Mark Wood praised Ben Stokes’ mature captaincy style on his return to the Test arena after briefly contemplating a switch to white-ball only cricket a few months ago.
The fast bowler was England’s highest wicket taker in a dismal Ashes series last winter, but missed the start of the national side’s red-ball revolution under Stokes and Brendon McCullum after having elbow surgery.
The 32-year-old returned for England’s T20 World Cup success, but the demands of Test cricket are an entirely different proposition for a fast bowler.
However, his two wickets in the morning session on the fourth day of England’s second Test against Pakistan at Multan sparked a collapse which handed the tourists a series victory with a match to spare.
Wood was pleased he stuck with Test cricket and was relieved his return did not stop England’s fine form in the format.
When asked if had doubted whether he would return to Test cricket, Wood replied: “Not really, well in fact, yes. At some my point my body will say that it’s the way to go but I didn’t prepare for white ball, I prepared for all cricket.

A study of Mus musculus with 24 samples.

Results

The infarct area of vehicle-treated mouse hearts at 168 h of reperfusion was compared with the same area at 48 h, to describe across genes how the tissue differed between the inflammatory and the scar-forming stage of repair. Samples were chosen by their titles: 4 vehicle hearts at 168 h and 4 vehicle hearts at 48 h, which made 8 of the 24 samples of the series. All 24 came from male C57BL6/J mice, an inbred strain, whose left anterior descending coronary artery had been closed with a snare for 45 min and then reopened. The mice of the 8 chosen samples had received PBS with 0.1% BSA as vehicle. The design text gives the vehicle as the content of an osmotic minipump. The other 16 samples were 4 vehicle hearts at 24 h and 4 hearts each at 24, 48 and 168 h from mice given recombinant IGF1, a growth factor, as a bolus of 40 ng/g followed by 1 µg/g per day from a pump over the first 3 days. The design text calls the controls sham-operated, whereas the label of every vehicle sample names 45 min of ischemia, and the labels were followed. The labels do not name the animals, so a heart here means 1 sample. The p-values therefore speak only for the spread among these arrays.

“I desperately wanted to experience all this, with Stokesy and Brendon, so I’m pleased I’ve stuck with it. And I’m pleased we won here. I’d have been gutted if we’d won, I’d come in, and we’d lost. They’d have been pointing fingers at me!”
England continued their revival under Stokes to seal a historic victory in Pakistan – the team had never won two Tests in the same tour of the country before.
Under Stokes England have won eight Tests and lost just one, a far cry from their record before the change of leadership where they had just one victory in 17 matches.
Wood was full of praise for the England captain and his Durham team-mate, hailing his development over the years.
He said: “It’s weird, the lad I grew up with… Stokesy now is much more mature, he speaks so well. He’s always had a fantastic cricket brain.
“But the way he comes across, the way he conducts himself and the messages that he gives, he’s just so much more rounded than when we were growing up.
“He was this alpha guy who would whack it, never back down. He’s still got all that, but he’s got other sides to him now.
“He’ll put an arm round people, express what he means really articulately – I didn’t think he had some of the words in his locker. But he’s been world class to be fair.”